10 Factors to Consider When Choosing the Multi-Vendor Localization Model

10 Factors to Consider When Choosing the Multi-Vendor Localization Model

Multi-Vendor Localization Model

No one disputes that procurement professionals have tough jobs: they must find a vendor who will understand their business, charge a fair price to do so, and execute their work optimally over time. However, they must also decide whether one vendor will suffice or if several are necessary — and this is an important question.

There are compelling reasons for enterprises to single-source their localization programs — such as gaining the ability to create and grow a holistic, centralized localization model, and to innovate and evolve a program via a deep relationship with one vendor. We covered the pros and cos of each production model extensively in our recent webinar Localization Single Sourcing Explained.

Currently, some 15% of global organizations choose to single-source, according to Common Sense Advisory. In our experience, most single-sourcing enterprises are experienced buyers of localization services, seeking to optimize an established localization program, and requiring cohesive and centralized services.

So while the adoption of single-sourcing is on the increase, not every organization will be mature enough to choose that approach. What about the others? At Moravia, we don’t favor one model over the other. Where companies currently use multi-vendor localization models, we see they do so for the following reasons:

  1. Risk management. Should a vendor fail or become insolvent, having multiple vendors prevents your localization program from faltering or failing completely. Business continuity is paramount when running a global business — if you can’t make product releases or have constant delays than product launches may fail and significant money can be wasted. Should a single vendor fail, transition to a new supplier takes time that can cost big, big bucks.
  2. Scalability. If the workload is highly variable, sometimes a single vendor cannot scale quickly enough (or at all) to meet the needs of very large programs (more than $5 million). Multiple vendors together can aggregate resources to provide the number required to complete a large job or frequent high volume jobs.
  3. Cost benchmarking. Often, our clients with multiple vendors compare vendor pricing and ask for price matches and ‘pencil sharpening.’ The idea is that each vendor should have the same pricing for the exact same services.
  4. Specialization. While many LSPs specialize in many languages and subject matters (i.e., marketing, legal, software), using vendors for different specializations can ensure completeness of coverage.
  5. Process optimization. When using multiple vendors, enterprises can take advantage of each vendor’s technical acumen to optimize processes. For example, one vendor might have a unique UI translation process that involves building a testing infrastructure, while another has a better managed services infrastructure to host an in-region publishing team.
  6. Technology provision. Some LSPs provide no technology (i.e., Translation Management Systems), others may provide off-the-shelf tools, and others still may have the ability to customize and integrate a variety of tools to meet an enterprise’s workflow needs. It is viable and possible that the technology solution providing the best workflow comes from a vendor different that the vendor that, say, provides the marketing localization expertise. However, please see a recent blog on how using multiple vendors can complicate TM sharing.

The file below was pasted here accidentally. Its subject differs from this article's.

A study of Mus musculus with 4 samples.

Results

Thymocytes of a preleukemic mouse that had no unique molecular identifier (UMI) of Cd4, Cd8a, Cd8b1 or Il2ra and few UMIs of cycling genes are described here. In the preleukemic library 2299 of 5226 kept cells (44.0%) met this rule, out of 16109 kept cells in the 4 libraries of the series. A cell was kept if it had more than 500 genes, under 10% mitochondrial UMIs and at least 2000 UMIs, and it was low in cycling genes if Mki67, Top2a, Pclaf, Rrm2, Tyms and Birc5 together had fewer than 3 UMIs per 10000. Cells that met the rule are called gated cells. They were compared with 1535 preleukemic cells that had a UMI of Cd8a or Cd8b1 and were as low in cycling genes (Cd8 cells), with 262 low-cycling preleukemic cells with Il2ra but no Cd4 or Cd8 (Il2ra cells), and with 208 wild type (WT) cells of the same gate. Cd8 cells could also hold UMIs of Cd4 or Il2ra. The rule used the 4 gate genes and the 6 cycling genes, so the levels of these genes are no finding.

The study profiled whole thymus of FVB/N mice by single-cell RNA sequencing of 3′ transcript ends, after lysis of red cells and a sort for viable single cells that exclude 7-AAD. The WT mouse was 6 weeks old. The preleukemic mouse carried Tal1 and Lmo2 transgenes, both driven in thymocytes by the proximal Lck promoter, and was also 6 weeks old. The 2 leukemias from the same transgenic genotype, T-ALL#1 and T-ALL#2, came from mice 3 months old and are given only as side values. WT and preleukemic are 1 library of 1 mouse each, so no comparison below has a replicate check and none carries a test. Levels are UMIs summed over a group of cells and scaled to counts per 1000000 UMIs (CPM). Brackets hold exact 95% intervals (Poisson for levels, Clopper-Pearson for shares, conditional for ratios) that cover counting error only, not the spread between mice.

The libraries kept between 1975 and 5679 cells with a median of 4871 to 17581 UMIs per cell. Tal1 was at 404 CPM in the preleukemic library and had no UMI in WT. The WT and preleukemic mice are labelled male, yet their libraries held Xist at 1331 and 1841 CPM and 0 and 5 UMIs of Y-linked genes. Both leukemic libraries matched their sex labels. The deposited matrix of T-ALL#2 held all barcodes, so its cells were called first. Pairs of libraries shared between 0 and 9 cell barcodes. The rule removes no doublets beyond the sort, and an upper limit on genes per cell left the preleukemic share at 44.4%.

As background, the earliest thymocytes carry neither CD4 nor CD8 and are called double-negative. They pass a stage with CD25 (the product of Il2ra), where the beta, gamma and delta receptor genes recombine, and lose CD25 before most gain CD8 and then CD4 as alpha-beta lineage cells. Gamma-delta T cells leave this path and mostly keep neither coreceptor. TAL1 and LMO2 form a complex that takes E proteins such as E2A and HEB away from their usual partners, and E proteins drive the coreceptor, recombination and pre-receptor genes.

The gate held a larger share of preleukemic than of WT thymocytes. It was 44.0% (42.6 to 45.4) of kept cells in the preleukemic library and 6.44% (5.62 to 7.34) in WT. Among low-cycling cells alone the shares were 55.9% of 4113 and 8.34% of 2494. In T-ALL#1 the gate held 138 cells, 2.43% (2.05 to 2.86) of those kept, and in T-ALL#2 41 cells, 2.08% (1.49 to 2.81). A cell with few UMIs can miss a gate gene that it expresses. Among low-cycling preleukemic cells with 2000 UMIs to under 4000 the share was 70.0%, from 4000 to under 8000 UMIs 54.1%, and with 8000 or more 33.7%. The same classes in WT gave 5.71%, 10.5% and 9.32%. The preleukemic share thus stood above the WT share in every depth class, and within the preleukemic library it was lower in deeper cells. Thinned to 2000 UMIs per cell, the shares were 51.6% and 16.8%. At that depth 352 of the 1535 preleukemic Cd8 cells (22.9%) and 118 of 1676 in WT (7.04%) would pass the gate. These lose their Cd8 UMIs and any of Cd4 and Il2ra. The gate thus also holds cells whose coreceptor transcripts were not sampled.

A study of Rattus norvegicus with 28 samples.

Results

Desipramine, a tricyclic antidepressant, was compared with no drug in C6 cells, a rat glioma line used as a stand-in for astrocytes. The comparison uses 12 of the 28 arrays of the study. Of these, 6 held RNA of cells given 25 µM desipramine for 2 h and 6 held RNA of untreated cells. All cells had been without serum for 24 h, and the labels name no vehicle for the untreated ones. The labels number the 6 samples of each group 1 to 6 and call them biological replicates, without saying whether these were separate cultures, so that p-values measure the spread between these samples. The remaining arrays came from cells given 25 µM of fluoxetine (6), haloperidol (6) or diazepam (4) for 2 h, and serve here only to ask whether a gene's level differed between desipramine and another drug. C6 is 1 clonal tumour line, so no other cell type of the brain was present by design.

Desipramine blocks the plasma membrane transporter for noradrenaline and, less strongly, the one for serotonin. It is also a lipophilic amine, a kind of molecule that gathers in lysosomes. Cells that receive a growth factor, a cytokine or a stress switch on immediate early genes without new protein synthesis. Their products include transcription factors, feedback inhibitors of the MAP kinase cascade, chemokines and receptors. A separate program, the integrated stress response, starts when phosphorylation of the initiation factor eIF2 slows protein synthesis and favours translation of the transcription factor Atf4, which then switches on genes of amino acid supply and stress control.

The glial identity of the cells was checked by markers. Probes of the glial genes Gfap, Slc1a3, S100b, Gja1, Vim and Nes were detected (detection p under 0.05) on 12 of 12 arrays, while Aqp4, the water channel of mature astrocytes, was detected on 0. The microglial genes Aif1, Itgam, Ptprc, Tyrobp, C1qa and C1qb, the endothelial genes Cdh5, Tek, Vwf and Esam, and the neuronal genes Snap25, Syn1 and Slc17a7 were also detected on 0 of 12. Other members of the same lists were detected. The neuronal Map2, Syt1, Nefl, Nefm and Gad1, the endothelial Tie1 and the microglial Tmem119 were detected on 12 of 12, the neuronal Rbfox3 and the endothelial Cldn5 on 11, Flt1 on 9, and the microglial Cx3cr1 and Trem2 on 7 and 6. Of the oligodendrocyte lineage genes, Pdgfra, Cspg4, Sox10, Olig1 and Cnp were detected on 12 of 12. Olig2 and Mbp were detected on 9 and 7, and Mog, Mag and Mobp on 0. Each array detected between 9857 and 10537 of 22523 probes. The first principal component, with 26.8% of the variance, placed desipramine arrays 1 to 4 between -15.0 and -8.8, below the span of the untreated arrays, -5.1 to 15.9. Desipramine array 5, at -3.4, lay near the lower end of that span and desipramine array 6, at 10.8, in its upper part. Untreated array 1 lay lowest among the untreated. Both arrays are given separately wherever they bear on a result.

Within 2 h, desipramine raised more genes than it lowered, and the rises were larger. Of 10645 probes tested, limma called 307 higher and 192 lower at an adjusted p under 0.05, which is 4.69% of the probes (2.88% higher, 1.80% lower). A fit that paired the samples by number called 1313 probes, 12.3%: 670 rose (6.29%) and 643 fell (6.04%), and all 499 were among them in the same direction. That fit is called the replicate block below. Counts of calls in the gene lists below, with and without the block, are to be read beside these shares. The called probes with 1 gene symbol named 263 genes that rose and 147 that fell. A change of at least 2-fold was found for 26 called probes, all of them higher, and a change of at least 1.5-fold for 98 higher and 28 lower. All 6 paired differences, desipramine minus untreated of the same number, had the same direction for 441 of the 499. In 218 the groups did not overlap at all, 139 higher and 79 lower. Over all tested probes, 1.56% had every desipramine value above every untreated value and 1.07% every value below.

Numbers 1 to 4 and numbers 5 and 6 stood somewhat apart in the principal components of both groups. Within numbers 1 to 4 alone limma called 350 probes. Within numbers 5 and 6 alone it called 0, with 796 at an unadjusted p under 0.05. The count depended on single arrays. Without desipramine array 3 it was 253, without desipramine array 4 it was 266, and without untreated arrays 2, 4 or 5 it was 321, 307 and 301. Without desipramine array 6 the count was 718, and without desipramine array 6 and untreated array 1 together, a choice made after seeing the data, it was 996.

7. Time-zone coverage or multi-location support. Not all LSPs may have equal coverage in all regions, meaning that 24×7 availability and production is impossible. Or maybe only having one regional hub might present some geopolitical challenges, i.e. some companies don’t want work done in specific countries.
  8. Multiple quality controls. With multiple vendors comes the ability to compare and set standards for quality. If one vendor is failing in quality for one language, the other vendor’s results can be used to calibrate and improve that of the first vendor. Additionally, cross-vendor quality assurance — one vendor reviewing and filling out a scorecard of the other vendor’s translations — is an option and it can go both ways.
  9. Ongoing innovation. The friendly competition between vendors can provide the motivation for each to innovate, stay fresh and relevant.
  10. Objectivity. It can be too easy for an enterprise to assign fault to the single LSP performing work when things go awry. Yet if two vendors are having the same experience, then the effort to understand and quantify what is expected in terms of quality, delivery and any other KPIs is possible. Sometimes an enterprise also needs to see several vendors struggling with program issues before they start to consider possible fixes and even their own responsibility in production challenges.

While there are compelling reasons to single-source, as we have blogged about here, single-sourcing is often adopted by mature enterprises in the optimization phase of localization. Other, less localization-savvy enterprises understandably can feel nervous about putting all their eggs in one basket — and in many cases should not do it. Those are typically the enterprises who are exploring global markets and growing their localization program. They possibly should seek to gain best practices and expertise from multiple sources as they build their localization program. Either way, single or multi-sourcing is a decision not to be taken lightly, and the answer differs per enterprise.


If you are a global explorer or optimizer, what additional value-adds do you see in using the multi-vendor model? What issues do you see?